02/10/2012 10:47 am ET Updated Apr 11, 2012

Shooting the Messenger Is Not the Answer

Note to readers: This post builds on the one taken down last week. Many apologies.

Yet another blog post commenting on the WSJ debacle about non-climate scientists' opinions versus climate scientists' opinions got me thinking (again) why the conversation about climate change is so charged. There are always conflicting opinions on many issues, especially those that have the potential to affect our way of living. But when a vast majority of specialists around the world agree on something, I would argue that they probably have a basis for that. Freedom of speech is an important part of the democratic process, but it should be used to bridge paths and not divide them. Having strong opinions about something is certainly warranted, and debate is welcome. However, it seems that when it comes to climate change, some not-so-civil behavior has become acceptable.

Just in the past couple of weeks, various articles have decried the personal attacks climate scientists have been receiving, simply because they do science that some people do not agree with or choose not to believe in. These articles (examples here, here, and here) describe (some in detail) what types of threatening emails and other acts climate scientists are being subjected to. Emails saying "I know where your kids go to school" and "you are nothing but a liar" are disrespectful at best and harassment at worst, which is unacceptable in any context. Why do some people feel the need to resort to personal attacks about climate?

A lot of misunderstandings about climate science stems from the scientific method itself. Science is almost never certain -- it mostly deals with probable causes and certain relationships, some stronger than others. In the case of climate, there is a rather large amount of uncertainty related to the actual warming we will see, since it largely depends on what people do in the coming years, but there is no uncertainty that it is getting warmer. This post gives a good analogy of climate science, in that it is not a house of cards that if one card (or fact) falls, the whole thing collapses. Rather, it is more like a jigsaw puzzle, where some pieces may be missing, and some may be in the wrong place, but one can still see the big picture. Why is it then, that so many people cannot see the jigsaw picture?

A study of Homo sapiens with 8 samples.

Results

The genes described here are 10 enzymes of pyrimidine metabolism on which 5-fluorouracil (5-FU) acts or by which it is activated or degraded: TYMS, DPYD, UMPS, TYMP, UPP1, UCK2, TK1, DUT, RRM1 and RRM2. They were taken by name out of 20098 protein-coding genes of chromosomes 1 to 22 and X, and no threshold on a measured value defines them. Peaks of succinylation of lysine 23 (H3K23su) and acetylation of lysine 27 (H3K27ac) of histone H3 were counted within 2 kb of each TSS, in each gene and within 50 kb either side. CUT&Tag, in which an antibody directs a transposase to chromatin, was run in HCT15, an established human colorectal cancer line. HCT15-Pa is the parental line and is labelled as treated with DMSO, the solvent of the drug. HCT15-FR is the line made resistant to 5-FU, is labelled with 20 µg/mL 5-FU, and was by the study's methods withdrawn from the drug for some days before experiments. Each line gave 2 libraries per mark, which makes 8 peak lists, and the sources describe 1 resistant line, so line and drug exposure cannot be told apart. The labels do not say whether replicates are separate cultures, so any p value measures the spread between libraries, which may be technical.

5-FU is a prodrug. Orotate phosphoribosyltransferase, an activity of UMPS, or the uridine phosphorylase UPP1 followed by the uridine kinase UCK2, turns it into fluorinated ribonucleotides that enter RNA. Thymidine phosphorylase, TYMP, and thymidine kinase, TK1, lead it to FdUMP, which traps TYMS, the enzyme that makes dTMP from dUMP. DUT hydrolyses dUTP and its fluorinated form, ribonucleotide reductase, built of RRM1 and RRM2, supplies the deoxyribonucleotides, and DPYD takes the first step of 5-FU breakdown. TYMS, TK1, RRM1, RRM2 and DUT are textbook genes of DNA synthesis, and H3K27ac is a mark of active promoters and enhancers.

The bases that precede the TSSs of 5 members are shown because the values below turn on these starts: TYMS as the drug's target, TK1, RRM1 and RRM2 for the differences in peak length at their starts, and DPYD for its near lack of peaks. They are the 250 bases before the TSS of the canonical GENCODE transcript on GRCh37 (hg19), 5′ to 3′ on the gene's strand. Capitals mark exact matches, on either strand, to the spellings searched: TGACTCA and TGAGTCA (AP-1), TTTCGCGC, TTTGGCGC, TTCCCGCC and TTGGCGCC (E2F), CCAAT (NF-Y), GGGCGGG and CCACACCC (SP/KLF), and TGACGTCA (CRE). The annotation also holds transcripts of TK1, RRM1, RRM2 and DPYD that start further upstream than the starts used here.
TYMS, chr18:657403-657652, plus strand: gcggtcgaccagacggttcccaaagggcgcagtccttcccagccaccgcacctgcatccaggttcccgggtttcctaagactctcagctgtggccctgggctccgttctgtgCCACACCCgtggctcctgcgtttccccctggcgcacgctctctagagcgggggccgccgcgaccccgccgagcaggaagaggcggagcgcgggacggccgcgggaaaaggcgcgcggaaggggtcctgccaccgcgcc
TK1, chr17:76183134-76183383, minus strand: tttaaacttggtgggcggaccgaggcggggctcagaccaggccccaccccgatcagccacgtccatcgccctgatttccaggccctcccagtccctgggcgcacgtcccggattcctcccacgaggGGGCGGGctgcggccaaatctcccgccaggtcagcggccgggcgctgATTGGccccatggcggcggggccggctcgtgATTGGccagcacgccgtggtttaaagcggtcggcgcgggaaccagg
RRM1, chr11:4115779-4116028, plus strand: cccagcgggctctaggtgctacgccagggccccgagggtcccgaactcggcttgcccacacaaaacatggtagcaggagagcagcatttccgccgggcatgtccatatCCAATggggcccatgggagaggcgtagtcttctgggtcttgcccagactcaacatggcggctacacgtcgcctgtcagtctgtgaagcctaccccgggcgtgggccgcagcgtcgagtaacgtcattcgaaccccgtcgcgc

There are various reasons why one doesn't believe in global warming, and this post does a great job explaining the different types of climate change denial. There are those who follow a common human tendency to interpret the facts in a manner that agrees with their social (or political) group, in an unconscious behavior that leads to acceptance in that group. A recent study stating that media coverage and information from politicians and advocacy groups are among the most prominent drivers of the public perception of climate change seems to largely support this rationale (comments on that study here). But then there are those who consciously choose to not believe, purposefully "creating doubt about climate change, lobbying and campaigning against efforts to reduce the risk or even just to adapt to its effect". Somehow I don't see people in this group changing their rhetoric, and unfortunately, they are primary drivers of climate change perception. We are indeed stuck. How can we move from here?

Because move we must. In the end, this is not about what people think of carbon-reducing measures or lifestyle changes. It is not about the accuracy of climate models. This is about the real facts. The proof that temperatures are going up is here. Not accepting it is akin to looking at your thermometer before leaving the house, seeing it is 80 degrees out there, but putting on a heavy coat anyway -- and then sending an offensive email to the thermometer manufacturer. That's what the attacks on climate scientists amount to. The scientists state their findings, and are not responsible for the temperatures going up -- we all are. So it's up to us to fix our mess, and shooting the messenger is not a good strategy to accomplish that.